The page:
Tough Times for the Muskrats
Nature Bulletin No. 3 February 24, 1945
Forest Preserve District of Cook County
Clayton F Smith, President
Roberts Mann, Superintendent of Conservation
TOUGH TIMES FOR THE MUSKRATS
This has been a sorry year for the muskrats. The long drought, last
summer and fall, dried up many of the smaller marshes and ponds
where they had been living and forced them to migrate overland to new
homes. Many undoubtedly were killed while enroute by mink, hawks,
or dogs. Even the larger marshes and ponds were made smaller and
more shallow by the drought and now this severe winter, with its long,
bitter cold, has caused many of them to freeze solid to the very bottom;
thus sealing the muskrats up in their lodges and preventing them from
swimming around under the ice to get food.
When this happens, and the food stored in the "house" is finally gone
then the muskrats often turn cannibal and eat the younger or weaker
ones. You some times see a muskrat with its tail chewed off. Finally
they have to eat a hole out through the lodge and go out across the ice
and snow in search of food. Then they are easy prey for mink, owls and
hawks. And then the hole leaves easy access for a prowling mink to
enter and kill all those inside.
The Forest Preserve District, during the past 12 years, has created or
restored more than 50 marshes and ponds particularly in the Palos
section. One of the largest of these is Tuma Slough on both sides of
Willow Springs Road (104th Ave. ), just south of 95th St. containing 30
acres of water area. Here may be counted 68 muskrat houses along the
shore or projecting above the ice farther out. About half of them are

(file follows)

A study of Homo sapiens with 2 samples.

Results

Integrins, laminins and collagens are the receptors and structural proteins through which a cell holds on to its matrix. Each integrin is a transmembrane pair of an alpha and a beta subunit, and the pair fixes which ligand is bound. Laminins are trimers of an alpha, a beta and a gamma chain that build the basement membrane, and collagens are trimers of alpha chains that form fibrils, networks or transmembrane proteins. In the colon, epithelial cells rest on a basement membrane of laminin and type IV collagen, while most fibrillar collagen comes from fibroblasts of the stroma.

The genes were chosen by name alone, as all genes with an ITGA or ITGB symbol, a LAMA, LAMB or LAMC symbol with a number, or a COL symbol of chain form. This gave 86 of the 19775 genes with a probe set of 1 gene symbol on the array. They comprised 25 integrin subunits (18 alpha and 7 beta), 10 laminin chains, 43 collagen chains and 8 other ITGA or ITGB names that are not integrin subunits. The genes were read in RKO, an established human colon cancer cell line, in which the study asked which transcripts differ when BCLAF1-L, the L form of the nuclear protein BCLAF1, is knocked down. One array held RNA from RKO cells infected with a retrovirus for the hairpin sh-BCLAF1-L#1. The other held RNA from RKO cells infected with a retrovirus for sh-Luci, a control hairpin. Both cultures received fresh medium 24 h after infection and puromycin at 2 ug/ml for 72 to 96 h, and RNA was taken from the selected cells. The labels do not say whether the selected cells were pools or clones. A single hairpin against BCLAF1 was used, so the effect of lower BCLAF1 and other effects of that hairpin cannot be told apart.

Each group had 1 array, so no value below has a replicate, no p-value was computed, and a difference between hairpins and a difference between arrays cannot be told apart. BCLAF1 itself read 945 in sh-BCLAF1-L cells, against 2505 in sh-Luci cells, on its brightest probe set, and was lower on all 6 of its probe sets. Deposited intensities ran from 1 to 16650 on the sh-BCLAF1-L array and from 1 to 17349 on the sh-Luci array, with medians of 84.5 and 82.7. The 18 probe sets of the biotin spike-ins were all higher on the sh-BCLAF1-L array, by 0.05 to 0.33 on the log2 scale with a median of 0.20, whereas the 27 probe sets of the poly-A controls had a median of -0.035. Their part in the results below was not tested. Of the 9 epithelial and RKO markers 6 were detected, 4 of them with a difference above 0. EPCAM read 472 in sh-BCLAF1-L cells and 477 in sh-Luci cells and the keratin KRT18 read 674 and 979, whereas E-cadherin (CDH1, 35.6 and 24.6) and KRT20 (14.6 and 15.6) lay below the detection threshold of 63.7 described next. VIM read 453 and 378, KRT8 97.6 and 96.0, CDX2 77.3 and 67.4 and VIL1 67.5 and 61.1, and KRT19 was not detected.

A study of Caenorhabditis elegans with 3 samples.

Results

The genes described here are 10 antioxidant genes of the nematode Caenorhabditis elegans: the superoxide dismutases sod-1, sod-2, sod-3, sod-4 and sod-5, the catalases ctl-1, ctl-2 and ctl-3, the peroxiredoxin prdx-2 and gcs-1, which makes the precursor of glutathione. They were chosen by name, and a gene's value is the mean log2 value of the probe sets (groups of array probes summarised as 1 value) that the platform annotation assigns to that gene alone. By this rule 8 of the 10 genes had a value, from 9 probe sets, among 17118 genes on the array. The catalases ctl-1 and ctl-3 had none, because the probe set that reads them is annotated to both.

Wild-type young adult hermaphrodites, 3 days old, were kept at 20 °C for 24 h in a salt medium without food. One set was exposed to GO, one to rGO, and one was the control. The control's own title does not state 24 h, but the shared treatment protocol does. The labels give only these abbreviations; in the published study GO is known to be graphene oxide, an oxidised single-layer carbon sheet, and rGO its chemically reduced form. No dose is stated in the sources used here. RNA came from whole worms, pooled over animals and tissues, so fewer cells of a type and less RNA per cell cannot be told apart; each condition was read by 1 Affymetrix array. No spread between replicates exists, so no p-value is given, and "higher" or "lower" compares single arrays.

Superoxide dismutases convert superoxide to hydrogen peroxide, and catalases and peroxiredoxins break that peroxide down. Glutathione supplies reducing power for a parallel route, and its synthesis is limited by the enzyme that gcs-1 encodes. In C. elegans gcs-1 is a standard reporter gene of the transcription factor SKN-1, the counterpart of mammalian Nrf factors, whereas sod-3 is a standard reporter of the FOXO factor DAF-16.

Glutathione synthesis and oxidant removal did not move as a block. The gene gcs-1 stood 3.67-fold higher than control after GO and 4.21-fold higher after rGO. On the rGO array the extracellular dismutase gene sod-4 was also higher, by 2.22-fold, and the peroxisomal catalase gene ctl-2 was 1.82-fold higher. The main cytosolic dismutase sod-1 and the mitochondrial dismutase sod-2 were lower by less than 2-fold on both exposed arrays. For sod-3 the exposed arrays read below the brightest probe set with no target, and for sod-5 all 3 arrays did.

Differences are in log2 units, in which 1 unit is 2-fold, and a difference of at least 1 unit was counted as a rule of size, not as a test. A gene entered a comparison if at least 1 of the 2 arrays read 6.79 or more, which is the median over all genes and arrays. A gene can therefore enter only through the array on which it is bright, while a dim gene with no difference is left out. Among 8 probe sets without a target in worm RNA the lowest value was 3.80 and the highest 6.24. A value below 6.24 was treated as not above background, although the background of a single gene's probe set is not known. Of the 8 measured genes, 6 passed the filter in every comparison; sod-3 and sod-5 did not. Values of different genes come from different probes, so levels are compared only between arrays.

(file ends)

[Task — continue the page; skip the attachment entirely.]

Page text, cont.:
large ones. These houses -- or lodges -- are constructed of cattails,
bulrushes, flags, marsh smartweed, coontail, and other aquatic plants.
They are circular mounds rounded on top, from four to six or more feet
in diameter at the base, and project from two to four feet above the
water. Each pair of muskrats constructs such a house during the late
summer and fall, adding to it each day until winter comes, with a system
of underwater tunnels to reach it, and chambers above the water-line for
storage of food and for living room.
Muskrats are very prolific. The first litter will be born in March, the
second in June, the third in August and sometimes a fourth in October.
There are usually from 5 to 3 "kits" in each litter. Thus each pair may
produce from 15 to 30 young each year. That is why, of all fur animals
trapped in the United States each year, the total money value of the
muskrat fur sold is greatest.
Incidentally, muskrats are mighty good to eat. They live largely on the
fleshy roots, tubers, stalks and other parts of the vegetation that grows
in the water or on land near their homes. they also eat mussels, frogs,
crayfish, some insects and occasionally a little duckling or other bird.
But people are prejudice against them because of that long hairless,
rat-like tail and the "rat" part of the name. So, when served in
restaurants, they are re-named "marsh rabbit".